Friday, September 25, 2015

What do I do now?

What do you do when you know you have destroyed the most intimate, special part of someone? What do you do when you know, that because of this, when they are hurt by anyone else you feel an extreme need to protect them? 

The biggest chapter in my life began on Sept 28th 2011. This is the day I tried to kill myself. I have tried in the past, but those attempts were screams for help, rather than actually wanting to die. On that day in 2011, I wanted to disappear. It’s hard to explain to someone how a person gets to the point in their life where they can’t stand to be inside of themselves. People say that suicide is selfish. To the person that wants to die, it is anything but selfish. To be selfish would be to stay in this life and continue to hurt yourself, one way or another, which in turn hurts everyone who loves you. A person who wants to die doesn’t understand love. A person who wants to die doesn’t love themselves, let alone understand why anyone else would love them. When you live beyond the suicide attempt, the pain that is now there is exponentially greater, for the people who love you, than the hurt they felt when you were destroying yourself. 

For me, it is a blessing that everything that happened after that suicide attempt taught me how to manage my emotions and, most importantly, lead me on this journey of finding myself. I am so far removed from the person that I was just 4 years ago. The reality is, however, that those that you hurt will never be able to truly see you as this person you fought to become. The pain you caused them can be triggered by an event, a comment, a gesture. As much as they want to forgive you, to trust you, it is impossible to see you as someone different than the person who caused so much heartache. They will admire your strength and your courage. They will encourage you to continue growing. They will believe in your ability to find success and to have the life that you deserve to have. Yet, they will never be able to give you back the part of themselves that unconditionally stood by you in your darkest times before you threw down the most damaging blow.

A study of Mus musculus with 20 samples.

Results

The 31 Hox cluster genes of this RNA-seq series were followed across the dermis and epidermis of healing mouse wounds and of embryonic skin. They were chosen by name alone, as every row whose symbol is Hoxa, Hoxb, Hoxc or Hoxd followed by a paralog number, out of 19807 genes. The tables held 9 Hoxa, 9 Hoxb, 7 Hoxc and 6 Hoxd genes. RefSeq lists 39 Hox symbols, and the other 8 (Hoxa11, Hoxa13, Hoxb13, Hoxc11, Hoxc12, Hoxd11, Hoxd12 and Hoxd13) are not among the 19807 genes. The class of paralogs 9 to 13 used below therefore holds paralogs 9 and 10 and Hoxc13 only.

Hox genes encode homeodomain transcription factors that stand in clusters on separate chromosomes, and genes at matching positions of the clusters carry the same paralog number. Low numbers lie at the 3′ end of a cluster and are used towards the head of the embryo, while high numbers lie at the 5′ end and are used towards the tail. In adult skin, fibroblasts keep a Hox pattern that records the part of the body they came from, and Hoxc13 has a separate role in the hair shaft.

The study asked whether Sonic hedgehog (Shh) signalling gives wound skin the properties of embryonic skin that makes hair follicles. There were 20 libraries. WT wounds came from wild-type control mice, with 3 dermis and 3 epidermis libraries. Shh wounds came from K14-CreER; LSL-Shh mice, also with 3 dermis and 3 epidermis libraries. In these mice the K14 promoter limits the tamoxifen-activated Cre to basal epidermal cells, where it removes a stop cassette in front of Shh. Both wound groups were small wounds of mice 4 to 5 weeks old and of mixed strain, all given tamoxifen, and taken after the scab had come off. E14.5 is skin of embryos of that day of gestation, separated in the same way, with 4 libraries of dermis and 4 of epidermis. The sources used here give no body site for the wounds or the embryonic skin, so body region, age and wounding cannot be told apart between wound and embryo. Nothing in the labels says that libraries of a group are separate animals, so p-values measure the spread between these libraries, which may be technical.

Today I realized that I am ready to recognize, not only their pain, but my own. It’s time to really grieve the loss of the incredible people who gave me the gift of their love. For some, it was a love that many may experience just once in a lifetime. I’m ready to let them go and accept that their happiness just might involve me stepping aside to allow them to move forward without worrying about whether I am going to fall down again. Let me rephrase that. I’m not ready to accept this loss, but I’m ready to breathe through the heartache that comes along with letting go. For now, I  know I have control of my life. It is not perfect and I do have moments when  I teeter on the edge of depression or a manic tornado, but I am stronger. I have fought many of my demons and I have persevered. It’s a struggle. It will probably always be a struggle. There are still so many things I can’t do or still need to work on because mental illness leaves cracks and holes that remain damaged. However, I am strong enough to face any consequences. I am strong enough to figure out a way to make those broken pieces fit together again. I may cry a thousand tears, but I will never let myself drown again. 

I have already said I am sorry so many times to so many people, but to those that have been left in my wake, I honor you and I thank you for all of that which I could not see. My wish for you and for all is to honor yourselves without question. In return, I will do the same, whether we cross paths or not. The love that was given to me will never be forgotten.